The Wimshurst machine is another device for generating high voltages with the advantage that it can create both positive and negative charges. It consists of two parallel insulating discs that are geared to rotate in opposite directions, neutralising rods and rods that collect the charge.
Although the discs are made of an insulating material, each disc has metal foil strips that are spaced radially on the outer surface of the discs. These plates help collect the excess charge that builds up on the insulating plates. The charge is removed by pairs of collecting combs. The Wimshurst machine works by induction, when the device is made there will be a small charge on the surface of the discs, which.
Figure 2. Schematic diagram of a Wimshurst machine operation
An insulator is very difficult to discharge completely and there will always be regions on the discs which have small imbalances in charge. Consider such a small charge at the top of the disc, the charge induces an opposite charge on the second disc and the charges rotate away from each other, the foil sectors contain the charge. When the foil sectors pass under the neutralising rods they induce the opposite charge on the opposite side of the discs. This creates more charge on the foil sector. As the induced charges rotate around the disc the induced charges create a positive feed back of charge, so that on the top half of the front disc there is a build up of positive charge, while on the bottom half of the front disc there is a negative charge. On the back disc, the induction produces a negative charge on the top of the back disc and a positive charge on the bottom half of the back disc. Positive and negative charges are removed from the by combs which collect the charge and conduct it to metal spheres, until it become strong enough to jump across an air gap.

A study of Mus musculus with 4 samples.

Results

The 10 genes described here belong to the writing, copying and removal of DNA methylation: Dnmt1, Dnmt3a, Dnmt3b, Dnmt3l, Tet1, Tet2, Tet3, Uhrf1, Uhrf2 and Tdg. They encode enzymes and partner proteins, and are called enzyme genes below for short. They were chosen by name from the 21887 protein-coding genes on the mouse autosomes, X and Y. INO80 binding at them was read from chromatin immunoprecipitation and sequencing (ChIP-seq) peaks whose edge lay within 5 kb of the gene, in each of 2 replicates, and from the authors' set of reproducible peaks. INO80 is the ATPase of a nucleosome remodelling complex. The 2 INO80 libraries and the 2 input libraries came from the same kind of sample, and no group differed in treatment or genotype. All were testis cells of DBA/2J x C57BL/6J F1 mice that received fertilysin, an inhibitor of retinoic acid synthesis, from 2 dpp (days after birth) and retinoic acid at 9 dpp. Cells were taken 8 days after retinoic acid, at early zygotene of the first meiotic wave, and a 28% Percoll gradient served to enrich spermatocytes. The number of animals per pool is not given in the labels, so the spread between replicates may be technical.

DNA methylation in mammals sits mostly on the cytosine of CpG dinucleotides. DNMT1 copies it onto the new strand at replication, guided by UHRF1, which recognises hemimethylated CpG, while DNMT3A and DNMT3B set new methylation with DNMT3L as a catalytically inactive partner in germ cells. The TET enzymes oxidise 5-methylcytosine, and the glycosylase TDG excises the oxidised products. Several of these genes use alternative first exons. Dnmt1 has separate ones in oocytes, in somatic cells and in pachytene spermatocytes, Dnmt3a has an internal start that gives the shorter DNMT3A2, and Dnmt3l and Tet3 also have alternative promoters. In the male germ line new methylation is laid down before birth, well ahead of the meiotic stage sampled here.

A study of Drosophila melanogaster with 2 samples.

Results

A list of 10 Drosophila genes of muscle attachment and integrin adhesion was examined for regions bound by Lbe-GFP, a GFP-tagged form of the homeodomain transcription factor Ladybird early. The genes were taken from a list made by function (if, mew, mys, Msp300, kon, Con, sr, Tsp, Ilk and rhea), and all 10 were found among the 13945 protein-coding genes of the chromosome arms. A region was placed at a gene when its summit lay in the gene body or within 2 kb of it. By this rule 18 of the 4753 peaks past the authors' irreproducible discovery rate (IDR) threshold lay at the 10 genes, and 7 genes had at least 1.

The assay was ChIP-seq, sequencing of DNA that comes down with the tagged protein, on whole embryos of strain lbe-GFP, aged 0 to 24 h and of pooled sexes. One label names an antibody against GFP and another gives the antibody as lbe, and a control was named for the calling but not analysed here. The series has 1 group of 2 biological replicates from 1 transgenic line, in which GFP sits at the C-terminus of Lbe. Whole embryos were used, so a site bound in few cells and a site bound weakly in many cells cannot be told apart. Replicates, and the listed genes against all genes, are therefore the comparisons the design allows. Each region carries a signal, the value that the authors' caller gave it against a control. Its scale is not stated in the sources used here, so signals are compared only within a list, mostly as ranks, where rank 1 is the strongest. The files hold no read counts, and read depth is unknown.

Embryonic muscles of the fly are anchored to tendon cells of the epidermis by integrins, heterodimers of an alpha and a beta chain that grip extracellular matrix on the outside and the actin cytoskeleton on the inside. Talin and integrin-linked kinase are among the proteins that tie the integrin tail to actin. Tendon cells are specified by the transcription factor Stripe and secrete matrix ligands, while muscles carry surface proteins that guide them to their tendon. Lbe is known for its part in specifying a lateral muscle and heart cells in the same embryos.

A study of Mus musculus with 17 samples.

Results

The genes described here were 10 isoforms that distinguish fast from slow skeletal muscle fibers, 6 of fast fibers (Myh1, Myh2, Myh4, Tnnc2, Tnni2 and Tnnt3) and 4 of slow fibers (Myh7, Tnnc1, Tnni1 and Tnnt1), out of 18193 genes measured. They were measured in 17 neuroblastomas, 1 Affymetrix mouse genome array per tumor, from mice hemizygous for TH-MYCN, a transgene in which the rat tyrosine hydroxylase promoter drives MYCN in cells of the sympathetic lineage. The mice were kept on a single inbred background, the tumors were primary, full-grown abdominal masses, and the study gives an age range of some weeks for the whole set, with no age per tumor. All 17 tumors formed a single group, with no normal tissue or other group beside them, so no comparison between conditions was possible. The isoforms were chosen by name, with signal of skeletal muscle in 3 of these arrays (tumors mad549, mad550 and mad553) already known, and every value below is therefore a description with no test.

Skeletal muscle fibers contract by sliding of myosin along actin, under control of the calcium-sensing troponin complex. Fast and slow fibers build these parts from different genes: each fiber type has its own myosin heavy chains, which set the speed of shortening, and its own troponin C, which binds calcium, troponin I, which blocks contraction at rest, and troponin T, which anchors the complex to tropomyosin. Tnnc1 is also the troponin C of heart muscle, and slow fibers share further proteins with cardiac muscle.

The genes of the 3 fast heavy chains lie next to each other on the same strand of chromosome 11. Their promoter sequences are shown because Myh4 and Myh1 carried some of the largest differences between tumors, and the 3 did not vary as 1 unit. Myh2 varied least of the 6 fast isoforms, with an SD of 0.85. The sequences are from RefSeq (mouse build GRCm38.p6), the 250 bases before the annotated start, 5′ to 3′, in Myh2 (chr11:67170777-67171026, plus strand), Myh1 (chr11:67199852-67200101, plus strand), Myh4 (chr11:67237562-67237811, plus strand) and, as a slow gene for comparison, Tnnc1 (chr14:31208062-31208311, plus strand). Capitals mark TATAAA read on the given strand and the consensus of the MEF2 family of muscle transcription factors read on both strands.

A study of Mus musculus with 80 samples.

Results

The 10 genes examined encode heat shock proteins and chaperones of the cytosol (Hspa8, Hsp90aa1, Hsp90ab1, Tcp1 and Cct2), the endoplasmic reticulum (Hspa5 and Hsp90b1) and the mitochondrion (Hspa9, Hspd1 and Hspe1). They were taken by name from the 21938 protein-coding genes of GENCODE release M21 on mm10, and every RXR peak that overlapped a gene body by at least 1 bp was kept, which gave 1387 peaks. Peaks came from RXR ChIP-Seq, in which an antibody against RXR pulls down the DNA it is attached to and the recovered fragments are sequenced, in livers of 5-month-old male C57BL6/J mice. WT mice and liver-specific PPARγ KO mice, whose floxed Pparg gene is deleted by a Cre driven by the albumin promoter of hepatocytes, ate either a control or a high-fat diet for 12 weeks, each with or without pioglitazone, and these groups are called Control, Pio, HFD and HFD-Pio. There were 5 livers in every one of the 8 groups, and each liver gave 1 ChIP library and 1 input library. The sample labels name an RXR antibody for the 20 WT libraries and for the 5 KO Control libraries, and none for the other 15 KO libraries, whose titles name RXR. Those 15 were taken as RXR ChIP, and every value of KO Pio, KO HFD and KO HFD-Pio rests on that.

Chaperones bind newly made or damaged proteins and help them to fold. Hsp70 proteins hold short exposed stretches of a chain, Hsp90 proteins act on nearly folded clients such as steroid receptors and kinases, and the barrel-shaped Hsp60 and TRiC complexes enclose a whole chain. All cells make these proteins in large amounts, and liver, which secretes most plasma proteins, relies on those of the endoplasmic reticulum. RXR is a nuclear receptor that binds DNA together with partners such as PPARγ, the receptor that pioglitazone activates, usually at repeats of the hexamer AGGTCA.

The discs make it difficult to visualise the build up of charge, so it might become clearer by considering the discs as opposite rotating cylinders. The inner cylinder represents the front disc and the outer cylinder the outer disc. On each cylinder the foil sectors are represented by the rectangular blocks that occupy the perimeter of the cylinders. The neutralising rod for the outer disc goes around the outer half of the outer cylinder. The second neutralising rod is placed at ninety degrees to the outer neutralising rod.
If one of the foil sectors on the outer cylinder has a slight charge on its surface, positive say. It will induce a negative charge on the foil sectors that is closest to it on the inner cylinder. As the cylinders rotate in oposite directions, the charges are separated. The energy for the electricity comes from the work done in turning the discs.
At A and B on the two discs, brushes at the ends of a neutralising rod connect diametrically opposite sectors momentarily. If we consider one disc, then the sector is oppposite, say, a negatively charged sector on the other disc. A (+) charge is induced on the inner side, while a (-) charge appears on the outer side, under the brush. At the diametrically opposite sector, the polarities are reversed, so the (+) charge appears on the outer side under the other brush. The charges on the outer sides are neutralized as a brief current flows, leaving the upper sector with a greater (+) charge, and the lower with a greater (-) charge. The induction of the charges does not depend on how much charge is already there, and equal signs of charge will not neutralize. The sectors charge to higher and higher potentials each time they pass beneath a brush, and their higher potentials serve to induce even greater charges.